Kahnawake works with NJ regulator to shut illegal operators out of US

Discussions between the two regulators have concluded with a deal that will ensure no websites operating under a KGC licence will be available to US players in states where these companies are not authorised to operate, effective September 30th.

The regulators moved to address the issue after the DGE discovered that hosting solutions provider Continent 8 may have provided services to illegal iGaming sites, specifically Bovada.

Founded as Bodog by Calvin Ayre in 2000, the business was sold to Morris Mohawk Gaming Group and continued to operate under the Bodog brand until 2011, when it was rebranded as Bovada.

In August this year its owners agreed to sell the operation to Lynton Limited, holding company of the Ignition Casino site. As a result of the agreement between the KGC and DGE, Bovada and any other illegal gaming providers will no longer be able to operate from Continent 8’s Kahnawake datacentre.

The KGC will also take action against any applicants or licensees it finds to be taking wagers illegally from US players, in order to further deter companies from targeting the US.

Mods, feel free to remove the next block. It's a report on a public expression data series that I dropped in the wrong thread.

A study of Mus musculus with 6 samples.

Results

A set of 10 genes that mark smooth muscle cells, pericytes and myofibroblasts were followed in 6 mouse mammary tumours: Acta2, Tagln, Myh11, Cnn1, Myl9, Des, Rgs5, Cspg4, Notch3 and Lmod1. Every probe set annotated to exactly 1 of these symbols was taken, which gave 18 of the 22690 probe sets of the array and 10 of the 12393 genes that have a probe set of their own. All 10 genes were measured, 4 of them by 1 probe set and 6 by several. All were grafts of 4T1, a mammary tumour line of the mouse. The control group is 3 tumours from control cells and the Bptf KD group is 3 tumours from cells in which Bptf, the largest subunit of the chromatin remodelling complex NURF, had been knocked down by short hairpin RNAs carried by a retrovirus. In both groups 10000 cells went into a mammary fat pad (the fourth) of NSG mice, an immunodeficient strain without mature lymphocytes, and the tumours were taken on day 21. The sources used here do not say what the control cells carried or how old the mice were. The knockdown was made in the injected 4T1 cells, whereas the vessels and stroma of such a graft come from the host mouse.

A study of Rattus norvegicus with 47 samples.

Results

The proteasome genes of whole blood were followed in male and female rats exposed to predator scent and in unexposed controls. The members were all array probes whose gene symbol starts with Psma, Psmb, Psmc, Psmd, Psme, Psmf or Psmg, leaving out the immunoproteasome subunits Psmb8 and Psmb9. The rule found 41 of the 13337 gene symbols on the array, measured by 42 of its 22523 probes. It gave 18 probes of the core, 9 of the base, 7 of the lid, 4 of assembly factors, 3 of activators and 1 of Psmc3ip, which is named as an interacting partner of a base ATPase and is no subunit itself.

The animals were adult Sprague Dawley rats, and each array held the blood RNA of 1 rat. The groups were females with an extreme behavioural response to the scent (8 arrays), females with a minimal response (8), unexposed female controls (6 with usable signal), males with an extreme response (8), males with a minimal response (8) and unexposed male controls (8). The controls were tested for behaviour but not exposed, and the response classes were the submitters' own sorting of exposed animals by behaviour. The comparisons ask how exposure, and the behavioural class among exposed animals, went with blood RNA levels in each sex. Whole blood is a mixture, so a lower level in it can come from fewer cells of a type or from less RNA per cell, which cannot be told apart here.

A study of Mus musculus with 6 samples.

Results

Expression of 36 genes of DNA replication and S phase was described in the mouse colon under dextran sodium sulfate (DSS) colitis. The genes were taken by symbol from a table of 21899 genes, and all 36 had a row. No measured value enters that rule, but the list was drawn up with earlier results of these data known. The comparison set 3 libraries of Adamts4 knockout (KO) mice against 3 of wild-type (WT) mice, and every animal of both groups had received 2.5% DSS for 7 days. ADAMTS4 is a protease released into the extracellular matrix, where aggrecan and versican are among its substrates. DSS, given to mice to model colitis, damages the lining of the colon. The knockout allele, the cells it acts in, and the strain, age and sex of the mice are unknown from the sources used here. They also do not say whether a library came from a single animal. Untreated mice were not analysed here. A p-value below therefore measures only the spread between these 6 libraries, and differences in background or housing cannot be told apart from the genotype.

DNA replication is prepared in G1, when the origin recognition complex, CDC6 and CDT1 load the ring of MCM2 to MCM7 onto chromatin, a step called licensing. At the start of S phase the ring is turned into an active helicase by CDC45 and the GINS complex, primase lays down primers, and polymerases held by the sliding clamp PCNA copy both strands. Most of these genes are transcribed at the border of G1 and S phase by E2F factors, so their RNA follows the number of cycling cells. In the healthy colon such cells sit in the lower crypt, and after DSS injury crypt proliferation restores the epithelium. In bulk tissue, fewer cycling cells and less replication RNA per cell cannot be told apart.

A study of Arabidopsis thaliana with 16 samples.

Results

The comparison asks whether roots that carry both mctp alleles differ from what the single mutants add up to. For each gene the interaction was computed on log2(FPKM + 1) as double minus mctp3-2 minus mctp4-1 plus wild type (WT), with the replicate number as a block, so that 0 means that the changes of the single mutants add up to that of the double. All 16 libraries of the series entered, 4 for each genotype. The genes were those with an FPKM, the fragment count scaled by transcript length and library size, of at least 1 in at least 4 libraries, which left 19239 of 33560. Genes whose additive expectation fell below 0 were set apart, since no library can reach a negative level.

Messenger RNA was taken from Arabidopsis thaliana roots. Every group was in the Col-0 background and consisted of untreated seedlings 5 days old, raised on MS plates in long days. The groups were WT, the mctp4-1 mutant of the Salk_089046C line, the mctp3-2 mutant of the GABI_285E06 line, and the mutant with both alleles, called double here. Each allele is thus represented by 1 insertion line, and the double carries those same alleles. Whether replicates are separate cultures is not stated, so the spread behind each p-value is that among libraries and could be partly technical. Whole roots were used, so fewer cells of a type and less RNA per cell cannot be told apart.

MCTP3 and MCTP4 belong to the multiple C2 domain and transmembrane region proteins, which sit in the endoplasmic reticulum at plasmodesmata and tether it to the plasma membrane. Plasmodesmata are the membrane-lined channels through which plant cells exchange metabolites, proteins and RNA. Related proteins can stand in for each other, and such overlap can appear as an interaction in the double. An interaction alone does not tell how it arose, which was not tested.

A tribal reserve of the Mohawk Indians located in southern Quebec, Kahnawake established one of the gaming industry’s first regulatory frameworks for online gambling in 1999.

“The Division is pleased to have the KGC's assistance as a fellow regulator and looks forward to working together in the future,” DGE director Dave Rebuck commented. “We were able to reach a series of agreements that are amenable to all of the parties involved and satisfy the Division's regulatory concerns.

“The Division appreciates the KGC's commitment and looks forward to its continued cooperation in the fight against unlicensed Internet gaming traffic,” he continued. “This agreement is an important step in ensuring the integrity of Internet gaming operations in New Jersey and helps ensure that online gaming patrons can play on fair, regulated sites.”

KGC chairman Mark Jocks said the dialogue between his organisation and the New Jersey regulator had been “direct and productive.”

“We understand the DGE’s concerns about online gaming sites operating in New Jersey and elsewhere in the US without being properly authorized by a regulatory body in those jurisdictions,” Jocks explained.

“The DGE understands and respects Kahnawàke’s significant accomplishments in the online gaming industry over the past 17 years - grounded on the exercise of Mohawk jurisdiction,” Grand Chief Joseph Tokwiro Norton added. “We consider the strengthening of our working relationship with the DGE to be a positive development for our respective jurisdictions, and for the online gaming industry.”